Poverty and social exclusion in 2009
New Policy Institute produced its first Monitoring Poverty and Social Exclusion report for the Joseph Rowntree Foundation in 1998. Entitled “Labour’s Inheritance”, it was the first independent attempt to bring together indicators on low income, unemployment and low pay as well other aspects of social exclusion, such as low educational attainment and poor health. This year we published our twelfth annual report – the first to be written during an economic downturn.
And whilst the recession forms a large part of the discussion in the report, the key findings focus on what was happening before the recession began. What is clear is that problems of rising poverty, debt and unemployment did not begin with the sub prime crisis, and had certainly began before the economy started to shrink. In fact, 2004 looks like the turning point, where trends that were previously positive either stagnated or turned for the worse.
In 2004, unemployment reached its lowest level under New Labour at around 4%, and was already rising again by 2006. Child poverty, that key government target, reached its lowest point under New Labour in 2004/05, and rose every year since. Housing repossessions were already three times higher at the end of 2007 than they were in the first part of 2004.
How can we explain these trends? On the headline child poverty figures, the rising trend in the number of children living in low income working households (“in-work poverty”) stands out. Firstly, following rises in the last three years, the number of children in low income working families is now over 2 million, the highest figure in the 30 year series.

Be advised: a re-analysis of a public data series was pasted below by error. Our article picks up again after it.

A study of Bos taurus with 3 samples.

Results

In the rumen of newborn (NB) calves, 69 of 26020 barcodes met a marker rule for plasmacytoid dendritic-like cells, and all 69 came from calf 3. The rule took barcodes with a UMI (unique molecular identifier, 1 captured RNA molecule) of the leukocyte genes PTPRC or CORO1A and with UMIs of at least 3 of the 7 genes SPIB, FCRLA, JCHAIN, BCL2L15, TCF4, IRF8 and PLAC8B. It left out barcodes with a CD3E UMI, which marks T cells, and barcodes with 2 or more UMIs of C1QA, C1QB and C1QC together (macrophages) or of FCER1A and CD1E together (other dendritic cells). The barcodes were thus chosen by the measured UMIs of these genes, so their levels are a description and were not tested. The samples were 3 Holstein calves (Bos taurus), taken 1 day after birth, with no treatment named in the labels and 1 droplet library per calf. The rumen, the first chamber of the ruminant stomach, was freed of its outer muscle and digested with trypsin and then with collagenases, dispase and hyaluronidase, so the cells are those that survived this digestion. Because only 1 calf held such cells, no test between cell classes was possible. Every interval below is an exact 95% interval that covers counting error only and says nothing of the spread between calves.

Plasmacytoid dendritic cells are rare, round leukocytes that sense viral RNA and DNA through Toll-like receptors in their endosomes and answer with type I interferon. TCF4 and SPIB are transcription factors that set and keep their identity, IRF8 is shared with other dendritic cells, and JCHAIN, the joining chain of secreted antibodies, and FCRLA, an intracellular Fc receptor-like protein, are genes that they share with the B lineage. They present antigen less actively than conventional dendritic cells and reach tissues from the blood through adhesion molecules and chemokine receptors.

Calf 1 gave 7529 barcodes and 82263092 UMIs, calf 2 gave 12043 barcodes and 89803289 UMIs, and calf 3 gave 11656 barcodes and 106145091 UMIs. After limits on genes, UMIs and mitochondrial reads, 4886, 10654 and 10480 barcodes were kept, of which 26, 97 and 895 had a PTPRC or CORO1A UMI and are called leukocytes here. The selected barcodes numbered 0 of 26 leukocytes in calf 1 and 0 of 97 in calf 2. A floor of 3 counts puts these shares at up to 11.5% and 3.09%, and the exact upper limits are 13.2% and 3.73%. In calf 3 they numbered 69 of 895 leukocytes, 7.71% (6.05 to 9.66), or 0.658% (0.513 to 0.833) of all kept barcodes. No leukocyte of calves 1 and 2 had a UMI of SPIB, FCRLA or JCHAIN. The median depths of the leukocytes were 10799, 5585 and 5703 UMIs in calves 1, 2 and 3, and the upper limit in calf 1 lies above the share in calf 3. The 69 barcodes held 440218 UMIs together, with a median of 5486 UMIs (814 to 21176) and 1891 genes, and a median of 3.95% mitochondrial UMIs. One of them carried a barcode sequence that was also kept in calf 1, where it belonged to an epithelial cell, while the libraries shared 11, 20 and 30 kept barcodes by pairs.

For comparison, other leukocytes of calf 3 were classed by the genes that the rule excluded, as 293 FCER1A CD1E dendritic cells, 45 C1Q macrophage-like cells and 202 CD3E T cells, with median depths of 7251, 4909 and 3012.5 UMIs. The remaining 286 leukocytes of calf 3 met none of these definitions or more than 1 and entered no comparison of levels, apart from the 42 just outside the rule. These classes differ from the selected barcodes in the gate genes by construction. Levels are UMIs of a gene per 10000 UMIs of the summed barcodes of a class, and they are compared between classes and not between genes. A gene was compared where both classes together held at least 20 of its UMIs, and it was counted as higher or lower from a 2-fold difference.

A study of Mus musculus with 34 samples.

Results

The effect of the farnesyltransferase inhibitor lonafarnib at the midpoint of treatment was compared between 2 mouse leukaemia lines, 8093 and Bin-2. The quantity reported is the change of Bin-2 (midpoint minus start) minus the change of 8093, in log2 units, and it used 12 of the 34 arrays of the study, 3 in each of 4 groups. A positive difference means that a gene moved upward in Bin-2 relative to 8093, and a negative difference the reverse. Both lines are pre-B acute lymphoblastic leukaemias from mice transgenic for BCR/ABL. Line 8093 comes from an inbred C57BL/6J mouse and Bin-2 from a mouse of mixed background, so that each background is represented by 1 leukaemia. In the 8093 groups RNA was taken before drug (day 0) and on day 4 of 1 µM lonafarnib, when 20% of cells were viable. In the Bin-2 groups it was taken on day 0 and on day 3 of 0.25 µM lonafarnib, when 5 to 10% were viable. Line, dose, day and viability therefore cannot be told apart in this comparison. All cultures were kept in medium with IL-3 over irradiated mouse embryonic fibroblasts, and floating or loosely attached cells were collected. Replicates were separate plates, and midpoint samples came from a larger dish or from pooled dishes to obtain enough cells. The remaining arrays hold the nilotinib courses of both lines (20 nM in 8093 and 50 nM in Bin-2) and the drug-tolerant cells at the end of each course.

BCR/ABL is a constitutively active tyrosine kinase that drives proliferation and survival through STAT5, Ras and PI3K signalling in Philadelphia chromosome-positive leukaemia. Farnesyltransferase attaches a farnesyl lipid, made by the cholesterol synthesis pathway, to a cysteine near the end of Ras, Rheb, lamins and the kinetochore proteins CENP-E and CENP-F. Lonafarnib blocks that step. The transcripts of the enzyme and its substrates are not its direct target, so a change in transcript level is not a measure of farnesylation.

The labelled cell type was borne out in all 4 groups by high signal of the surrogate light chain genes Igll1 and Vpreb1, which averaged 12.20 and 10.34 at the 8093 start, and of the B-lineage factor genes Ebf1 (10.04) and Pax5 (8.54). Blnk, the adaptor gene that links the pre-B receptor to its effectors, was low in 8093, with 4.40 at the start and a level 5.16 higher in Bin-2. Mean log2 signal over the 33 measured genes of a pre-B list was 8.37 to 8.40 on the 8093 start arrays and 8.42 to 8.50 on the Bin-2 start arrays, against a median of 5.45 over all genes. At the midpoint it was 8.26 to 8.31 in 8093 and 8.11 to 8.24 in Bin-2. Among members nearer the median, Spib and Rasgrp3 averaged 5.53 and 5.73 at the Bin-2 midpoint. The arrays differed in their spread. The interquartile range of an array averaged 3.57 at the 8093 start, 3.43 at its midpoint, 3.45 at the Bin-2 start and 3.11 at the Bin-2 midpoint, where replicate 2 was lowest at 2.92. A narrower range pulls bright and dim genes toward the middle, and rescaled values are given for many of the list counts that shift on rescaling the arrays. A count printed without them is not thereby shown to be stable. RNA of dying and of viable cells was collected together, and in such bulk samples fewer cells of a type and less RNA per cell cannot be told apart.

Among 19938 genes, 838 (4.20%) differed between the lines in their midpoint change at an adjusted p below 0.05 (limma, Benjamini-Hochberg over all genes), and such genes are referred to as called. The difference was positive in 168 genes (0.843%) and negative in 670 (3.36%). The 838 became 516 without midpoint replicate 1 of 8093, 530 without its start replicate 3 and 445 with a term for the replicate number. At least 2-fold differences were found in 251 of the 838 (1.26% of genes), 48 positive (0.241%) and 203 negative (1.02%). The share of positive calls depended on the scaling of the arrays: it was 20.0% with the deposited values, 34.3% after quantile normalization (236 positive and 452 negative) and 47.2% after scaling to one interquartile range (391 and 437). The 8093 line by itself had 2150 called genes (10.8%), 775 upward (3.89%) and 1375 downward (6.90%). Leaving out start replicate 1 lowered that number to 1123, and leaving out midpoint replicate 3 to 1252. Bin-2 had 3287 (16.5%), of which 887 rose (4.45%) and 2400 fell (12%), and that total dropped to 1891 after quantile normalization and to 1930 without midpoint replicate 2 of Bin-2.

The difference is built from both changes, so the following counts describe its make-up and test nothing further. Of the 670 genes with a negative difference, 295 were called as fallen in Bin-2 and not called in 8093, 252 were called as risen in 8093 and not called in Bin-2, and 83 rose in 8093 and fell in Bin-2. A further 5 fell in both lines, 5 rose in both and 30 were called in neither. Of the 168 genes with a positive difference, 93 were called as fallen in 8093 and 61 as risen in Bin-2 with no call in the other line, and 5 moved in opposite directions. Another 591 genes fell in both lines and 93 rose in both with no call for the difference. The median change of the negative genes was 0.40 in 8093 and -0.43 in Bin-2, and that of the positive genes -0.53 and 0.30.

But more importantly, the period from 1997 to 2004 represents the only period, give or take the odd year, in the last 30 years where in work poverty actually reduced. So this rising trend is a long term, chronic problem which New Labour successfully tackled for a few short years.
The peak of 2 million children living in working, low income households comes before the start of the recession. One may expect the recession itself to reverse the trend, as low income working families become low income workless families. That may well be the case. But rising unemployment will turn two earner households into single earner households, and households where parents work full time into ones where only part time work is available. So rising unemployment could also contribute to in work poverty, though where the balance lies remains to be seen.
While the recession has been a key theme of this year’s report, the coverage is much wider. Notably, in the areas we analysed that were not directly related to jobs and incomes but more concerned with social exclusion, the government’s record is more positive.
For instance, the number of 11 year olds not achieving basic standards of literacy and numeracy is far lower now than a decade ago, even among children in the most deprived schools. Both fear of crime and the risk of being a victim have fallen substantially in the last ten years. On many health indicators, the picture remains one of steady improvement.
It is, though, difficult not to be pessimistic. The UK is still in recession and indicators on unemployment and debt in particular can be expected to worsen even once the recession officially ends. But even once the recession and its effects have been dealt with, whichever government we have in the next few years will be left to deal with a range of long term, chronic problems.